July 13, 1999

Potential hazard of Earth-asteroid collisions to be discussed at international space conference at Cornell July 26

The possibility of the Earth being struck by comets or asteroids is being given more and more attention by researchers, according to Paul Chodas of NASA's Jet Propulsion Laboratory (JPL). Chodas will discuss this potential threat to the planet when he moderates one of the daily press conferences that will provide important new insights into the latest space research at the seventh International Asteroids, Comets and Meteors Conference at Cornell University July 26-July 30.

A schedule of the press conferences is available on the ACM media web site http://www.news.cornell.edu/releases/July99/ACM/. The site provides the latest press releases on research to be reported at the conference, as well as a list of researchers from around the world who will be attending the meeting.

Chodas's press conference (Tuesday, July 27, 10 a.m., 305 Ives Hall) will cover asteroids and meteors collectively known as near-Earth objects (NEO's). Other participants will include David Rabinowitz of JPL, Richard Binzel of the Massachusetts Institute of Technology, Alan Harris of the Jet Propulsion Laboratory (JPL) and Andrea Milani of the University of Pisa, Italy.

In recent movies, asteroids and comets are shown threatening to collide with the Earth, only to be destroyed at the last minute by astronaut heroics. But Chodas believes that the hazards of collisions with comets or asteroids are more than a topic for fiction. Chodas and Milani will discuss their independent efforts to predict close-Earth approaches and impact probabilities further into the future than has been previously possible.

It has been estimated that only 15 to 20 percent of NEO's larger than one kilometer have been detected to date. Several telescopic discovery programs are actively searching for these large NEO's, and the discovery rate is increasing. However, Chodas believes, it may be at least 10 years before 90 percent of the total population is revealed.

A new analysis by Rabinowitz shows that there may be only half as many large hazardous objects as previously estimated. Harris will present new evidence to refute a

controversial theory that the Earth is continually bombarded by a population of house-sized comets.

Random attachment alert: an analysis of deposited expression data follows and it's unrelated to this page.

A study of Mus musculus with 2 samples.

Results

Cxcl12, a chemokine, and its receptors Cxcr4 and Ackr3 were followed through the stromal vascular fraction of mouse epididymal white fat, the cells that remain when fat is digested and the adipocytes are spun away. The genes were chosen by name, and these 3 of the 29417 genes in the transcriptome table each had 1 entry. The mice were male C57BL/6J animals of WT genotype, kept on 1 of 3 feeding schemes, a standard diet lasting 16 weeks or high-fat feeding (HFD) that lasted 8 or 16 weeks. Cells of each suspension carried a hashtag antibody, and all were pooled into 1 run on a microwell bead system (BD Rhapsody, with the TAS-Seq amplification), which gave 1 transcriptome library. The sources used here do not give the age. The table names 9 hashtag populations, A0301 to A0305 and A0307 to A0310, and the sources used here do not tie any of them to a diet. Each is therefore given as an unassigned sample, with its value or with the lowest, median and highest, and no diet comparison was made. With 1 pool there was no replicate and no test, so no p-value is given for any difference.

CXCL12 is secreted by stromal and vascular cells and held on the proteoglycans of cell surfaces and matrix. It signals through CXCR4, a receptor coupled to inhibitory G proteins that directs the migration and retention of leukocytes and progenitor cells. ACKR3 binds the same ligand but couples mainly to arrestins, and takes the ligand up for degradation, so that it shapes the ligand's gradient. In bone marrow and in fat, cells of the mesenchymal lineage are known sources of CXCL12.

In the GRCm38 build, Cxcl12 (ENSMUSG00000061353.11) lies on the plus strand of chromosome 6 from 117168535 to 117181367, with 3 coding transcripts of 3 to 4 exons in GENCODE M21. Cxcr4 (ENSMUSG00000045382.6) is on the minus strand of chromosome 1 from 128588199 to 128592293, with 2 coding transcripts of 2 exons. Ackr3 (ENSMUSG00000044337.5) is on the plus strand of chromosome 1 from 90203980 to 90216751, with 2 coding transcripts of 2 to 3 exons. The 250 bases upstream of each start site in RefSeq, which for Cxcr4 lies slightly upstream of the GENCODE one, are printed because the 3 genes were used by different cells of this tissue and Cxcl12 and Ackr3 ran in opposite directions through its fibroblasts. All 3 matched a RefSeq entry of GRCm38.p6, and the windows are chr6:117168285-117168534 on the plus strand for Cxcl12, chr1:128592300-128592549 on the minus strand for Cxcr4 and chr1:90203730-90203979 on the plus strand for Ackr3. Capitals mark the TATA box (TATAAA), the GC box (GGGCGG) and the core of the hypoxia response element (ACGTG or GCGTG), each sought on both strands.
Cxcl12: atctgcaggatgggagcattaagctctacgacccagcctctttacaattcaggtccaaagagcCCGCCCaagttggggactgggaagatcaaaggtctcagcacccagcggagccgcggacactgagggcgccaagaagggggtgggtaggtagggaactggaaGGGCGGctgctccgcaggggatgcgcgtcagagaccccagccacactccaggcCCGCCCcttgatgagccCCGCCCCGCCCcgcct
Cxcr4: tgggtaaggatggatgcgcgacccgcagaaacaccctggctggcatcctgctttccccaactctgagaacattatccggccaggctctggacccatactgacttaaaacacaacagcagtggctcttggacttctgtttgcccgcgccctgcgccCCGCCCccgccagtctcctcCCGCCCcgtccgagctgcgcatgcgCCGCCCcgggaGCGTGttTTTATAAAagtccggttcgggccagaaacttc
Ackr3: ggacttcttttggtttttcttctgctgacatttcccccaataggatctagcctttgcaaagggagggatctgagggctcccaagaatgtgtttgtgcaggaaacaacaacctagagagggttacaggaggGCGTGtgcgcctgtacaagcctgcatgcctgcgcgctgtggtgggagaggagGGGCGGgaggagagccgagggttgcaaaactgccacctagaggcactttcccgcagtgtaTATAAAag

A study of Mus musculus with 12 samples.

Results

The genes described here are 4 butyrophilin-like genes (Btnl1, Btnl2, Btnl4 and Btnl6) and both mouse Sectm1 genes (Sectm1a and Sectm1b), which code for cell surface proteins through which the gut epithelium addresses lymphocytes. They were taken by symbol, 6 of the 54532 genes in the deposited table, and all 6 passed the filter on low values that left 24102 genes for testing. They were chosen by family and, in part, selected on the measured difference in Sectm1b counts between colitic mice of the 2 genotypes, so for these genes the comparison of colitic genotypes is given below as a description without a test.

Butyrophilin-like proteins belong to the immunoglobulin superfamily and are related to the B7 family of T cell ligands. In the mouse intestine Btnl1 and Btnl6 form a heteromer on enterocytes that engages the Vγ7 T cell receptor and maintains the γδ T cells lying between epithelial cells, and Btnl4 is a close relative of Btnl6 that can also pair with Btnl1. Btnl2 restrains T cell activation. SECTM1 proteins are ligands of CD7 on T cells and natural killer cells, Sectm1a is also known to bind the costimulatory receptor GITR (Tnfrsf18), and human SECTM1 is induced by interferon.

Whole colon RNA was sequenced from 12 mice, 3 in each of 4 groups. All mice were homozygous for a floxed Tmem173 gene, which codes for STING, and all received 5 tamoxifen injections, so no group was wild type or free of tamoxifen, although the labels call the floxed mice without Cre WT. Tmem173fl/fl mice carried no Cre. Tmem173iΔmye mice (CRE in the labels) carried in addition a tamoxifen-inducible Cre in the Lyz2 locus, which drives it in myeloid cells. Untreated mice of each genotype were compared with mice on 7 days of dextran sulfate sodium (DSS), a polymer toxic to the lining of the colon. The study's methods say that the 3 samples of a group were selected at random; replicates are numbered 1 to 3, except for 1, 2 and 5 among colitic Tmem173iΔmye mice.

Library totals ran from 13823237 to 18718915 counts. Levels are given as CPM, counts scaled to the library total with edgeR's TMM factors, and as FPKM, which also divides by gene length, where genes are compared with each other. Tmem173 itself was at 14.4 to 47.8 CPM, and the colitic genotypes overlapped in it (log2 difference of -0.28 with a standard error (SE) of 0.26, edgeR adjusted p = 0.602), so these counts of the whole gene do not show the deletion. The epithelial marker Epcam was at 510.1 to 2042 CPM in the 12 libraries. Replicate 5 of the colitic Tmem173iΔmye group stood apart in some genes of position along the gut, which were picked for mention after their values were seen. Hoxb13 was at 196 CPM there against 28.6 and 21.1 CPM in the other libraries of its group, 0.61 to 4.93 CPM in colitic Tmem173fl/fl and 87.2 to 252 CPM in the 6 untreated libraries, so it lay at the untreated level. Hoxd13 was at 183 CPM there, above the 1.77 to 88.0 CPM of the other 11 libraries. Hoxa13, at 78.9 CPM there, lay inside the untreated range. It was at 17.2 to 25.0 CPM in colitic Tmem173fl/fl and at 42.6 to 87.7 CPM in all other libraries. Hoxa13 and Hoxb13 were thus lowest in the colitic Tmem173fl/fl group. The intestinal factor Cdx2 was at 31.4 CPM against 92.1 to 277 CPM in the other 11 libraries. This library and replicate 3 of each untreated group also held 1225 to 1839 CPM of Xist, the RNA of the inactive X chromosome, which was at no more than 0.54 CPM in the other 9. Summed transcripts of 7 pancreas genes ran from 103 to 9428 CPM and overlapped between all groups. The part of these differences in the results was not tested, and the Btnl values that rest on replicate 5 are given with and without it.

What is the nature of these seemingly "loose cannons" that might be posing a threat? A new view has evolved, suggesting that many large asteroids are "rubble-piles," according to William Bottke, a research associate in Cornell's Department of Astronomy, who will moderate the press session (Friday, July 30, 10 a.m., Princeton-Yale Room, Statler Hotel) on asteroid moons and spins. Other participants will include Petr Pravec of Ondrejov Astronomy Institute, Czech Republic, and JPL's Harris.

Until recently, most planetary scientists considered asteroids to be little more than beat-up rocks in space, with solid interiors and lunar-like surfaces. It is difficult to prove or disprove this theory since remote sensing techniques can only probe the top layers of an asteroid's surface, says Bottke. But data taken from spacecraft fly-bys, ground-based observations and computer modeling indicate that large asteroids are no more than piles of rubble held together not by physical strength but by the gravitational attraction of the pieces of rubble.

Although Pravec's research, based on an extensive study of near-Earth asteroid (NEA) rotation rates, is consistent with the "rubble-pile" scenario, his new results suggest that some small asteroids are solid. At the conference he will discuss two asteroids, 1996 KY26 and 1995 HM, both smaller than 100 meters, that are spinning so fast that they have to be solid objects -- weakly bound rubble piles fly apart if spun too fast. These two bodies are small enough that they provide the "missing link" to the rubble-pile theory that astronomers have been looking for -- filling the gap between between kilometer-size asteroids that cannot spin overly fast and fast-spinning meter-sized meteorites that are known to be solid.

Computer modeling suggests the transition size for solid objects to turn into rubble piles is roughly a few hundred meters in diameter. More support for the rubble-pile theory also comes from Pravec: He will report that many NEO's have small moons. These moons are most likely to be a by-product of close encounters between rubble-pile asteroids and planets. When a rubble-pile asteroid passes too close to a planet like Earth, tidal forces can pull it apart, leaving some of the fragments to orbit one another.